Published: Updated:

Doctors in the United Arab Emirates have urged caution after the first case of monkeypox was detected in the country.

The UAE’s Ministry of Health and Prevention (MoHAP) reported on Tuesday the first case of monkeypox, becoming the first Gulf country to detect the disease.


Dr Karthikeyan Dakshinamurthy, a specialist in internal medicine at NMC Royal Hospital Dubai Investment Park, told Al Arabiya English that while the UAE has precautions in place, more cases of monkeypox are likely to be found.

“Monkeypox disease is a viral zoonotic disease that is seen in central and west African nations,” said the doctor.

“The recent surge of cases in non-African nations suggests that it possesses a global threat. Since the UAE is a travel hub with lots of tourists, the likelihood of importing the disease has to be considered.”

The disease is transmitted through direct contact with body lesions, fluids, contaminated clothes or beddings, and respiratory droplets.

Although it’s not as contagious as other viral infections, the transmission rate is still as high as 30 percent, cautioned Dr Dakshinamurthy.

“The UAE government has started the surveillance program with RT-PCR test for suspected cases, isolation of confirmed cases and contact tracing.

“There is no specific antiviral medication available for the disease.

“Though it is a self-limiting disease, severe complications can occur in 10 percent of infected persons, especially children. So as always said prevention is better than cure to extinguish this disease.”

Dr Neema Madhusoodanan Nambiar, GPat Bareen International Hospital – MBZ City, said Monkeypox infection can be transmitted by the affected person from animals to humans via contact with infected body fluids, bites or scratches.

“Monkeypox can also be transmitted directly by an infected person through direct contact with skin lesions, body fluids, and respiratory droplets.

“Infected individuals can be contagious from 1 day before the onset of the rash to 21 days after the first symptoms, or until all skin lesions become scabs and the other symptoms disappear.

“The Department of Health – Abu Dhabi alongside all medical facilities in the UAE have taken all precautions to identify symptoms and report them to authorities without delay. Educating the general public about monkeypox to raise awareness of risk factors and reduce exposure to the virus is the most important part of prevention strategy.”

Dr Mukesh Kumar Shewak Ram, a specialist in internal medicine at Dubai’s Canadian Specialist Hospital, also spoke to Al Arabiya English.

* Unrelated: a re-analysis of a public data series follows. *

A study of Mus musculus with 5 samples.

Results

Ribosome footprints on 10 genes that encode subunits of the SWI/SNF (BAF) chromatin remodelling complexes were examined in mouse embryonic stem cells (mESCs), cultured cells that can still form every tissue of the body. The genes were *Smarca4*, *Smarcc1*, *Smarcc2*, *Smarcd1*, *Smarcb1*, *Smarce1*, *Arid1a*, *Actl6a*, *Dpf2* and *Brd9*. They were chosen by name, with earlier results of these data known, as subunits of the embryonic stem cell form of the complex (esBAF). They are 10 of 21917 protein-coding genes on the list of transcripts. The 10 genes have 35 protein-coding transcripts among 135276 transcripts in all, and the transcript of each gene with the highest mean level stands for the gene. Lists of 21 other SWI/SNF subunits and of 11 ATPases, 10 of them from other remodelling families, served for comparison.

He said symptoms of monkeypox usually include a fever (usually 38.5-40.5°C) accompanied by chills, drenching sweats, severe headache, backache, myalgia, malaise, anorexia, prostration, pharyngitis, shortness of breath, and cough.

“Monkeypox is a viral (zoonotic) disease (a virus transmitted to humans from animals). It is caused by the monkeypox virus which belongs to the orthopoxvirus genus of the Poxviridae family.

“The first known human case occurred in Democratic Republic of Congo in 1970, when a nine-year-old boy developed smallpox-like illness, which was eventually confirmed as human monkeypox by the World Health Organization.”

Monkeypox was limited to the rain forests of central and western Africa until 2003. In late spring 2003, multiple cases were identified in the Midwestern United States.

However, in recent weeks nearly 20 countries where monkeypox is not endemic have reported recent outbreaks of the viral disease, with more than 230 confirmed or suspected infections, mostly in Europe.

“Outbreaks in western and central Africa have been linked to exposure to rats, rabbits, squirrels, monkeys, porcupines, and gazelles,” said Dr Ram. “Inhabitants of remote tropical rain forests may become infected from direct contact while capturing, slaughtering, and/or preparing these animals for food; ingestion has also been linked to infection. Consumption of such so-called ‘bush meat’ is particularly hazardous since the flesh is often undercooked.”

He said transmission can occur from contact with ill animals or animal reservoirs from Western Africa (eg, prairie dogs, rabbits, rats, mice, squirrels, dormice, monkeys, porcupines, gazelles), or preparing or ingesting infected animals.

Finally, transmission can also occur with direct cutaneous (skin-to-skin) or respiratory contact with an animal or person who is infected can transmit the infection.

The incubation period averages 12 days, ranging from four to 20 days.

The World Health Organization (WHO) said monkeypox is “usually a self-limited disease with the symptoms lasting from two to four weeks.”

However, WHO added that severe cases can occur, with a fatality ratio of approximately three to six percent.

The UAE ministry stressed that health authorities in the country were taking all the necessary measures including investigation, examination of contacts and follow-up.

“The ministry confirmed that, in cooperation with health authorities, it follows an epidemiological surveillance mechanism in accordance with the highest international practices to ensure sustainable efficiency and protect society from communicable diseases and quickly discover cases and work to limit the local spread of all diseases and viruses, including monkeypox,” WAM reported.